Terror taint off, man acquitted in Akshardham case details ‘torture’ in book
Bullets would whizz past his right, his left. Never striking, only striking fear. Once, they poured petrol in his anus. And on another occasion, they gave him electric shocks in his private parts.
Abdul Qayyum Mansuri was sentenced to death in the 2002 Akshardham temple attack case and acquitted after the verdict was quashed by the Supreme Court in May 2014. (Part of the cover of ’11 years behind the bars’)
Bullets would whizz past, to his right to his left. Never striking, only striking fear. Once, they poured petrol in his anus. And on another occasion, they gave him electric shocks in his private parts. An officer would wave his revolver and say “there is one bullet left, it is sufficient for you”.
These are some of the third-degree measures that Abdul Qayyum Mansuri, sentenced to death in the 2002 Akshardham temple attack case and acquitted after the verdict was quashed by the Supreme Court in May 2014, alleges were used on him in custody. He has detailed these in his book ‘11 years behind the bars’.
He was one of six arrested by the Ahmedabad Detection of Crime Branch (DCB) on August 29, 2003 — 11 months after the September 24, 2002 terror attack on the temple in Gandhinagar left 33 dead and 86 injured.
Alleging torture in custody of the DCB, Mansuri, who used to be the Mufti of the Bawahir Masjid in Dariyapur, has named several officers in the book but three figure repeatedly — D G Vanzara, G L Singhal and V D Vanar. The book, translated into English from Urdu, was released in Delhi.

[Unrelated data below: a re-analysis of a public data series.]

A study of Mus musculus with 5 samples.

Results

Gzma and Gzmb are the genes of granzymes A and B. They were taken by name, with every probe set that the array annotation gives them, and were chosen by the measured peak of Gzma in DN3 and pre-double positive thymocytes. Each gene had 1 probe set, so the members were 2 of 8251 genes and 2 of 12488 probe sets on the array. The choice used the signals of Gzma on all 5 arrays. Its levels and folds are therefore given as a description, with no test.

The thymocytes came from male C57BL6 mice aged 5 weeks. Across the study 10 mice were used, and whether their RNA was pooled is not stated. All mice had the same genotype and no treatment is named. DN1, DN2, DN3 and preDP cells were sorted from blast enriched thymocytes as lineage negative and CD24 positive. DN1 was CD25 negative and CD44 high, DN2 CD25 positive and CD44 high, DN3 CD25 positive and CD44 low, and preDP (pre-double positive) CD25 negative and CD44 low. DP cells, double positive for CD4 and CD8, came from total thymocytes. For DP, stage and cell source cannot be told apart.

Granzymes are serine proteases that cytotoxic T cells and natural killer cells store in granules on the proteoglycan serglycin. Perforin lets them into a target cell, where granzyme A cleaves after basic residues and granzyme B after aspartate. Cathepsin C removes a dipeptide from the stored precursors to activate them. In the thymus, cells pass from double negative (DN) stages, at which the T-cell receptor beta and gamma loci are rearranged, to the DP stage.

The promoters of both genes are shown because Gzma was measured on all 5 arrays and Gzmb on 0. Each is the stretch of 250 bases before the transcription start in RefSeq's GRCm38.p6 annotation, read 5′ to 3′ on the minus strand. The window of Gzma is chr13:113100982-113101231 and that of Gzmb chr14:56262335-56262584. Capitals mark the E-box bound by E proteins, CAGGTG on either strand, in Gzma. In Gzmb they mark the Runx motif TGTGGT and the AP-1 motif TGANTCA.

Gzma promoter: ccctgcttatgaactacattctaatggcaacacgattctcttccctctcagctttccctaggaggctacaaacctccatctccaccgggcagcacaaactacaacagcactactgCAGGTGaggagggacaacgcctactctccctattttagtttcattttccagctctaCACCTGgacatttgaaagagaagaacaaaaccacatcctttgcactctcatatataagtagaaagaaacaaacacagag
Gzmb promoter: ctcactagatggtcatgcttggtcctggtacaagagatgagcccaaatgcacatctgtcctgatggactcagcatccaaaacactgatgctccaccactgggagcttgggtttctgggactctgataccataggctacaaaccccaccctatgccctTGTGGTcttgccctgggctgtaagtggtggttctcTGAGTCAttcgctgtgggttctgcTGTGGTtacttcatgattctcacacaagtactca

He describes a “club party” that beat up detainees. “This club party was a group of five-six inhumans… uncivilised persons who would rush in like hungry wolves… they used to beat until they themselves got tired or the victim became unconscious…”
He mentions crime branch officials flew him and the others to Kashmir as tourists to try and get the other accused but forgot to show them photographs; and how a doctor gave him an injection which was probably sodium pentathol to extract a confession.
When The Indian Express sought Vanzara’s response on the book and its allegations, he said he had not read the book and it would “not be appropriate to comment” on any of the allegations.
He spoke on phonefrom Mumbai where he currently lives to meet conditions of the bail granted to him in alleged fake encounter cases.
Singhal questioned Mansuri’s version. “One gets arrested when there is evidence against him. He was arrested because there was evidence against him which was proved in the sessions court and the high court. I don’t think there is anything authentic about what he is saying now after 11 years.”
Singhal, released on bail in the Ishrat Jahan encounter case, is a State Reserve Police commandant. Vanar, who has retired, said he had not read the book.
“I have heard that he (Mansuri) has misused the rightto freedom of speech and expression. I was not the IO (investigating officer) in the case. I was handling investigation of only a particular part. Two courts (sessions court and high court) approved (the case against Mansuri), and the Supreme Court did not.”
On the allegations of torture, Vanar said: “As per rules, while in police custody, the accused are produced before doctors. And the confessional statement is recorded before a magistrate in the absence of police officials. One could have always spoken about it before the authorities. After so many years, why is he making these allegations?”
He said he would read the book and, if necessary, take remedial action.